MayOne, the crowdfunded super PAC that is supposed to fight big money in politics by raising big money in politics, has reached its initial goal of $1 million 18 days before the deadline.
"Stay tuned. And thank you to everyone who expressed in this uniquely authentic way that they believe it’s possible to reclaim a democracy," wrote founder Lawrence Lessig, a Harvard professor and longtime critic of the way political campaigns are funded in the US.
Lessig started the super PAC, or political action committee, in order to elect candidates who support campaign finance reform. His plan is to have big donors match the $1 million raised today, then raise $5 million more from the crowd in June and have big donors match that, for a total of $12 million. The money will go into five House races, but Lessig is waiting to say which ones.
Hack: (noun) a creative use for an unintended purpose. E.g. http://t.co/wSxsoi3IJ0 is a hack of superpacs to end superpacs. Go Join!— Alex Macgillivray (@amac) May 7, 2014
Super PACs are allowed to raise unlimited amounts of money to spend on advertising and other forms of support, but may not contribute directly to parties or candidates. They have become the preferred venue for monied interests to support their pet issues without bumping into contribution limits. Super PACs often form around single races, and most raise funds from a relatively small number of big donors.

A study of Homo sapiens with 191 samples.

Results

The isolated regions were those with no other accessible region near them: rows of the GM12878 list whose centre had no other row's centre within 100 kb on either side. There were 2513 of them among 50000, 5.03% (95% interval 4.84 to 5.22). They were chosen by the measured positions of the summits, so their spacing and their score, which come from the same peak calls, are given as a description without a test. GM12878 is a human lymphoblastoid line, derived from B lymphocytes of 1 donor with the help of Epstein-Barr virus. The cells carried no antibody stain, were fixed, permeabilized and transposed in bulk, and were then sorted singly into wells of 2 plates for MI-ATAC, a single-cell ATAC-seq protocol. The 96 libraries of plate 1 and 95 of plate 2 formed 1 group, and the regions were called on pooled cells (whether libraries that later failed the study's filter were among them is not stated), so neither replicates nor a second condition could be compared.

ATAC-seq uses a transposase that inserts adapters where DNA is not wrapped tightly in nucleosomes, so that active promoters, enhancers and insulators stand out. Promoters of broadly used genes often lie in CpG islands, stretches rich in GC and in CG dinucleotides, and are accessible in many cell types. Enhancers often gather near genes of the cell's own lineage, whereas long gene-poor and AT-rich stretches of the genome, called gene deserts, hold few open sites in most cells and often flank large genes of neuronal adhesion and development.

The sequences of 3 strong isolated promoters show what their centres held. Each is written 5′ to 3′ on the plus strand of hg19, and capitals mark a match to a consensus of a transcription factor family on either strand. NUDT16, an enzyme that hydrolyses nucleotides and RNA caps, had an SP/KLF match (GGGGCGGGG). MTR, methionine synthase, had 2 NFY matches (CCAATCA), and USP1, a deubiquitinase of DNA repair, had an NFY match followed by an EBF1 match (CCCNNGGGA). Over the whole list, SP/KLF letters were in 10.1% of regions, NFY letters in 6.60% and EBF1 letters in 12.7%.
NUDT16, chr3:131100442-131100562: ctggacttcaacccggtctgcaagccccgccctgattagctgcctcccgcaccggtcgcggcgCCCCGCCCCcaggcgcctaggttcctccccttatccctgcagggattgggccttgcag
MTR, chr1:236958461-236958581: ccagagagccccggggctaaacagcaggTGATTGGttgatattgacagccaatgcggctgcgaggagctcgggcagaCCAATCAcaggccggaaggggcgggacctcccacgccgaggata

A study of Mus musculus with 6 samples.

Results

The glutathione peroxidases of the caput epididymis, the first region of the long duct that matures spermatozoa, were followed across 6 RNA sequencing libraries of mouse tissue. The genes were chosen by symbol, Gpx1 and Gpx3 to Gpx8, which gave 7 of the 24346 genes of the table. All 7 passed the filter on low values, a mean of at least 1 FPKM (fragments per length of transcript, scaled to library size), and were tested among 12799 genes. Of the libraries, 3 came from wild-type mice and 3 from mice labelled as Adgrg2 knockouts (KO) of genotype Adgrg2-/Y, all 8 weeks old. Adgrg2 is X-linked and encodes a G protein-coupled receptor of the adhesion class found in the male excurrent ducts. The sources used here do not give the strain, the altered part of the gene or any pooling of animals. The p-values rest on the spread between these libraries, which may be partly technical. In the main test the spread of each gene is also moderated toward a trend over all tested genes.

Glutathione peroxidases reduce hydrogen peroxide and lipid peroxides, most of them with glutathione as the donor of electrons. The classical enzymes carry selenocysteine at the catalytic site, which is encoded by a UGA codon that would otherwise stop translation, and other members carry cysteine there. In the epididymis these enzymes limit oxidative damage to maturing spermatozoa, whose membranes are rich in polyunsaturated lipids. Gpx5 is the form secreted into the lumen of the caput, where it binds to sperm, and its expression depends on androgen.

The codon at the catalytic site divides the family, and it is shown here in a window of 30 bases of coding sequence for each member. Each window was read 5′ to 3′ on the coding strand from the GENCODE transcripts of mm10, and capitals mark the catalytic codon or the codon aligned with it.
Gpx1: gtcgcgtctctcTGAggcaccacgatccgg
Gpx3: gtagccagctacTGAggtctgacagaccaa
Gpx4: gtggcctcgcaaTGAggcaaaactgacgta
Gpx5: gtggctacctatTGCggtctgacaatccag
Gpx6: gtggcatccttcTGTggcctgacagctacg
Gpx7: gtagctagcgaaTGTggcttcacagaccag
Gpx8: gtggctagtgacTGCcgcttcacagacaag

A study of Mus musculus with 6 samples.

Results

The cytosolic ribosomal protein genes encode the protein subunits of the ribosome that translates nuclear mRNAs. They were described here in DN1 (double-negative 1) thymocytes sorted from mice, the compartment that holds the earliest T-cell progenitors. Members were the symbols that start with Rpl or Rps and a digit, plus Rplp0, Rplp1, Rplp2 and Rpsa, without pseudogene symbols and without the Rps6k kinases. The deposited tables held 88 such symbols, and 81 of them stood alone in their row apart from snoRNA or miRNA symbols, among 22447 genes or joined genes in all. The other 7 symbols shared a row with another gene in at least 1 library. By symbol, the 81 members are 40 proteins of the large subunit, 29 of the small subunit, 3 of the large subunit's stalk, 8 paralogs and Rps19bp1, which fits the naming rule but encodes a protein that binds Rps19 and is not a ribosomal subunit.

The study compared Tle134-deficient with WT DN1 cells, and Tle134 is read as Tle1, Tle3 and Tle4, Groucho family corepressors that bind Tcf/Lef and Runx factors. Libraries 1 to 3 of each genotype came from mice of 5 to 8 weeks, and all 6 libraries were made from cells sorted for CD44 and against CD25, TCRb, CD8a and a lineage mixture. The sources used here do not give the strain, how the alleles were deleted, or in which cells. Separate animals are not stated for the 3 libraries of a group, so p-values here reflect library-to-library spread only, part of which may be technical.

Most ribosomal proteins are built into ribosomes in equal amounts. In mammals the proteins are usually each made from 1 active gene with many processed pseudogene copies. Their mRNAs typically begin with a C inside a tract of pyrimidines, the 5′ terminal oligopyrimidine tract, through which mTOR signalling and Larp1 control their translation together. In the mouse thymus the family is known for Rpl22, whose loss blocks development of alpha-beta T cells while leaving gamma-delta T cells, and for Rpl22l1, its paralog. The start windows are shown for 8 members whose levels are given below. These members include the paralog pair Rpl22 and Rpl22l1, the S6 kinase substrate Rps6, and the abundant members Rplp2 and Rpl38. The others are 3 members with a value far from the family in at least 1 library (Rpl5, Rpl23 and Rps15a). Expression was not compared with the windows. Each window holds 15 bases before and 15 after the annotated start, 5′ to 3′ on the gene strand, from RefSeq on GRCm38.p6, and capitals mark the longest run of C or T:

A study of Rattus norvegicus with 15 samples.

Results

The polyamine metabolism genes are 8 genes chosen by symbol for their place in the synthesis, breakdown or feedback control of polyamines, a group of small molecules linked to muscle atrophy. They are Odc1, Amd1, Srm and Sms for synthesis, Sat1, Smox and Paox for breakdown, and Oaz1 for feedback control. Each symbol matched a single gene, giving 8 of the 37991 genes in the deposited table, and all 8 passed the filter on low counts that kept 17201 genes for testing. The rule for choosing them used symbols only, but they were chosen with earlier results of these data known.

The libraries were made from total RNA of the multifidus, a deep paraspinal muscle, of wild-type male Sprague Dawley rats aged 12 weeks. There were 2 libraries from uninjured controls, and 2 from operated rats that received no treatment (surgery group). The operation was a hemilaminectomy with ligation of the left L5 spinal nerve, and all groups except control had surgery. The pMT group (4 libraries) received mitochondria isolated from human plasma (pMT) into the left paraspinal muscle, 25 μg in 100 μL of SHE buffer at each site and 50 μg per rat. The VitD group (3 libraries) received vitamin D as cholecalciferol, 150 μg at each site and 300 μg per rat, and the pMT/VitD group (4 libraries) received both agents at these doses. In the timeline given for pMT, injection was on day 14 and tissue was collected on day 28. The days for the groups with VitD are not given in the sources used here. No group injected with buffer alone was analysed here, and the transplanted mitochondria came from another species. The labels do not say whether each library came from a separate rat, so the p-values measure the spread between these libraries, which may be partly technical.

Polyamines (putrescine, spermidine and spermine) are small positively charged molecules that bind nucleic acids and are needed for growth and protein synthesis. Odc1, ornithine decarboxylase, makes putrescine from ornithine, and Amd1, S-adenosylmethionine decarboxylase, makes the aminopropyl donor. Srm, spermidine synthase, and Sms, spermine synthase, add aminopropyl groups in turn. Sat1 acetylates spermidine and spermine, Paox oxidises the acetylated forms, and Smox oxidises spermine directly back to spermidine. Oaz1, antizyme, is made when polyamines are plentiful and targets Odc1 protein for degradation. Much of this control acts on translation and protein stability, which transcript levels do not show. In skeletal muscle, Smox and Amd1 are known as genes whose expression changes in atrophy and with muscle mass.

This "hack the system" approach has attracted support in the tech community, but what Lessig is doing isn't new. Campaigns in the US are crowdfunded by default — it's difficult to find a politician who doesn't include a "donate $20 now" button on his or her website. Lessig is also pulling in big donors to match the small contributions, which would seem to reinforce the idea that the powerful will always have an outsize impact on politics even when members of the public band together.
MayOne has also been vague about its plans: "The money raised is turned over to professional campaigners, who will craft interventions in targeted districts to make fundamental reform the issue in that campaign — and to make the reform candidate the winner."
At the same time, there isn't much momentum for campaign finance reform right now. Lessig's campaign, modest as it is, may give life to the populist side of the debate.
Correction: An earlier version of this story said MayOne plans to raise an additional $5 million in crowdfunding by 2016. In fact, the goal is to raise $5 million by the end of June.